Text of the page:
What happened on the Gettysburg Battlefield nearly 160 years ago was a defining moment not just for Union military forces, but for America as a unified country. You’ll often hear the Battle of Gettysburg referred to as a turning point in the war, where victory began to lean heavily in the direction of the Union. Confederate General Robert E. Lee had an ambition to invade the North from Pennsylvania. Had he succeed in his plan, the war would have ended in favor of the Rebel forces and slavery would have continued. Lee wanted to cross the Potomac River into Virginia, through Maryland and wage a full-on offensive force directly on union soil. From there, Lee would have been able to attack northern cities such as Harrisburg or even Washington D.C. Had Lee succeed in taking Washington D.C after Gettysburg, union leaders and even President Lincoln would have been captured or killed and the Union would have to accept the Confederacy and the continuation of slavery.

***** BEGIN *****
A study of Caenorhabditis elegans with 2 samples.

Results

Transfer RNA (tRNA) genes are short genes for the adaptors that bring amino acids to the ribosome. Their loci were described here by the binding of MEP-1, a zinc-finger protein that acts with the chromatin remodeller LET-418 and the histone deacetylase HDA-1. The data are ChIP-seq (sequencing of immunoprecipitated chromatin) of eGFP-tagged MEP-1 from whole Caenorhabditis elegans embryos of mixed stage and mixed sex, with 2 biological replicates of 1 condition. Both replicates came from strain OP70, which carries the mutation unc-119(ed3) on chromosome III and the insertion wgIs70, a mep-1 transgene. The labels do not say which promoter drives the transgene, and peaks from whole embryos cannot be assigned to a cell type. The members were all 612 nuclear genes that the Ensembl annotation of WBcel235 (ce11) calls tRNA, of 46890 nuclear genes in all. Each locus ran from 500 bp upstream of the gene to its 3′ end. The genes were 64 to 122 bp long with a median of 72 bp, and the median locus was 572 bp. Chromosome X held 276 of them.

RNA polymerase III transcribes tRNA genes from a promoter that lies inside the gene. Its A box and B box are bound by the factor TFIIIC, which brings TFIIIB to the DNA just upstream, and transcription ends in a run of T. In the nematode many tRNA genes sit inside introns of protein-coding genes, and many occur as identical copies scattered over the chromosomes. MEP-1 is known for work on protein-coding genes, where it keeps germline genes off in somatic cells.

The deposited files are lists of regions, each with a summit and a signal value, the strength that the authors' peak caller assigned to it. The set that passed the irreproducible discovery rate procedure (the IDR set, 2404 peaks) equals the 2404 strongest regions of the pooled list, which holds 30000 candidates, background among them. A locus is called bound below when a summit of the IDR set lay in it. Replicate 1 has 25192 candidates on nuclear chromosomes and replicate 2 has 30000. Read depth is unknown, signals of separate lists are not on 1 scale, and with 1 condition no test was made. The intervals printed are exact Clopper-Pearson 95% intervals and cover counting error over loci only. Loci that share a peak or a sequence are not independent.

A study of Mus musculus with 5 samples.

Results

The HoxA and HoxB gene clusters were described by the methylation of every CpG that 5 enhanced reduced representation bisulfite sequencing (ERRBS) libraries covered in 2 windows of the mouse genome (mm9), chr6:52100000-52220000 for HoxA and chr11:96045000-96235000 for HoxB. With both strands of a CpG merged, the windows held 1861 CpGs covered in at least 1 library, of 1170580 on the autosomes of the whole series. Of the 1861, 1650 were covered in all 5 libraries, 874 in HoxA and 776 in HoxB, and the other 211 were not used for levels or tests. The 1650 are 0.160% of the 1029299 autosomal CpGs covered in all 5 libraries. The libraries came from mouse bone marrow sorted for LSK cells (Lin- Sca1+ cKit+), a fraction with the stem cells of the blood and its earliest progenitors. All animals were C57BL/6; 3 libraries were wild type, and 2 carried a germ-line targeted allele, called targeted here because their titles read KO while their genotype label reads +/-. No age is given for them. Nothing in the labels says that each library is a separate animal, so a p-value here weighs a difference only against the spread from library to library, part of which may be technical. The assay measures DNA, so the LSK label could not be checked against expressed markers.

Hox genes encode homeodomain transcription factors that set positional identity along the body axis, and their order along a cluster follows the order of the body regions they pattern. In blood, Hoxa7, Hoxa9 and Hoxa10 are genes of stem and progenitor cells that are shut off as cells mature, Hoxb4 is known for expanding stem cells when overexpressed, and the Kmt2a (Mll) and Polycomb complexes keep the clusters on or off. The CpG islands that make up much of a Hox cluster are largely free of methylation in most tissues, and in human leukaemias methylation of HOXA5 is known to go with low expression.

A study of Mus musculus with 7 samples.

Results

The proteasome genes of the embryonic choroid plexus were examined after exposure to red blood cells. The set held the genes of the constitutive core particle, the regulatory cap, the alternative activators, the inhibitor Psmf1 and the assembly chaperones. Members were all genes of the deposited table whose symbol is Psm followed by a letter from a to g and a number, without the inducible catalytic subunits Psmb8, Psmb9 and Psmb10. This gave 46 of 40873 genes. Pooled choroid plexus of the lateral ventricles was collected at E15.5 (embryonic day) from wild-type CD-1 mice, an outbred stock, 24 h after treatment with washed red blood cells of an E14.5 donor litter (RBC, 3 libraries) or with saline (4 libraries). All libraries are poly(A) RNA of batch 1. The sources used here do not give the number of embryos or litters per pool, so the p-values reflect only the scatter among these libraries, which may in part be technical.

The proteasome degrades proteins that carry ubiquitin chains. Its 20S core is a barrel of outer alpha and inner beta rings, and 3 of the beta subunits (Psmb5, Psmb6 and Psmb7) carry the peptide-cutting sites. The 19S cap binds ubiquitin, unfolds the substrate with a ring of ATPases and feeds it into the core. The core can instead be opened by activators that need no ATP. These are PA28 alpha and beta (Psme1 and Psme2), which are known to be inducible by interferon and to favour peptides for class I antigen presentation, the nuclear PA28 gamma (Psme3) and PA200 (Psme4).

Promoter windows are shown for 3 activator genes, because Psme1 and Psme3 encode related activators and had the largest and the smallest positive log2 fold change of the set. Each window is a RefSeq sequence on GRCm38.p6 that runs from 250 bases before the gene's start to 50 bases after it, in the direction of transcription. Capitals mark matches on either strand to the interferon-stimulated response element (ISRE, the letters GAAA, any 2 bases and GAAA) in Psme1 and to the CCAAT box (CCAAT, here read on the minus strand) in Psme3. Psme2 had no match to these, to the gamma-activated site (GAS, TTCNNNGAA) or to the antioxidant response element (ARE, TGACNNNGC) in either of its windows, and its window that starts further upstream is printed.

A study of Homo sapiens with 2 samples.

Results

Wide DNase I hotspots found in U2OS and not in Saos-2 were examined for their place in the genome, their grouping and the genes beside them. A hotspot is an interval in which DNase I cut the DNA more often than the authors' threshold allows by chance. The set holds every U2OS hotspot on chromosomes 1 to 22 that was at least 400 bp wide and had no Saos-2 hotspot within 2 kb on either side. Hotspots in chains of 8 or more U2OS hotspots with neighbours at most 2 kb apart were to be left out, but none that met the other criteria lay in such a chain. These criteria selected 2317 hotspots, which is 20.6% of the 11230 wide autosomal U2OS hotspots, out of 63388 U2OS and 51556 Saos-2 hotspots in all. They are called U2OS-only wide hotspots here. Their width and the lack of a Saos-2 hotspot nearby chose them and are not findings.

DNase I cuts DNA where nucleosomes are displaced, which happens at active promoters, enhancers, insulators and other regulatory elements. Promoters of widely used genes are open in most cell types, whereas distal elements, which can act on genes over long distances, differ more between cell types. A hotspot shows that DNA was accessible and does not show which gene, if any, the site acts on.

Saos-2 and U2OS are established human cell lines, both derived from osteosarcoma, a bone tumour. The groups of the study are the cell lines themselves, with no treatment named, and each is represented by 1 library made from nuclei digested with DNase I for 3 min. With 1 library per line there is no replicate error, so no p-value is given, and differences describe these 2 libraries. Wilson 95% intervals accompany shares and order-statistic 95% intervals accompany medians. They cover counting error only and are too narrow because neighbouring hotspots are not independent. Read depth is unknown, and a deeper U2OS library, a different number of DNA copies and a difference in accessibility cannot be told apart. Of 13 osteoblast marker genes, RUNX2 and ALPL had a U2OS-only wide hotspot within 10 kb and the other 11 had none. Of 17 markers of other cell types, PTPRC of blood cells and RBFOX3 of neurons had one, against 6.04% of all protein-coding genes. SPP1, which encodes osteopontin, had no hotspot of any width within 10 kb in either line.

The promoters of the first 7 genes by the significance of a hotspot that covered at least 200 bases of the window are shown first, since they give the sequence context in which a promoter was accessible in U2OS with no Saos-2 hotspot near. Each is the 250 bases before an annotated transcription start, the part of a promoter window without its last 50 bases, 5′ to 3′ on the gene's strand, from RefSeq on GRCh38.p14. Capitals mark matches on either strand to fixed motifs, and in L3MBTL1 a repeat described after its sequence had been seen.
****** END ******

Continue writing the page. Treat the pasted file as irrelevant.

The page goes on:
Northern forces were prepared, however, amassing a massive force to defend the North at Gettysburg. In an immovable defense, the Union forces held back the invading confederates. Devastated and battered by the defeat, the Confederates would retreat and never launch another offensive on the north. Important points in the battle include the defense of Little Round Top, led by Joshua Chamberlain from the state of Maine. When the three day battle was over over 50,000 troops were dead, with the Confederate forces losing the most. What makes the battle especially tragic, was the large number of soldiers who were under the age of eighteen. The enormous loss of life on the Gettysburg Battlefield was a moment of reckoning for both sides of the war.
How many people visit Gettysburg each year?
Each year, nearly one million people visit the Gettysburg Battlefield.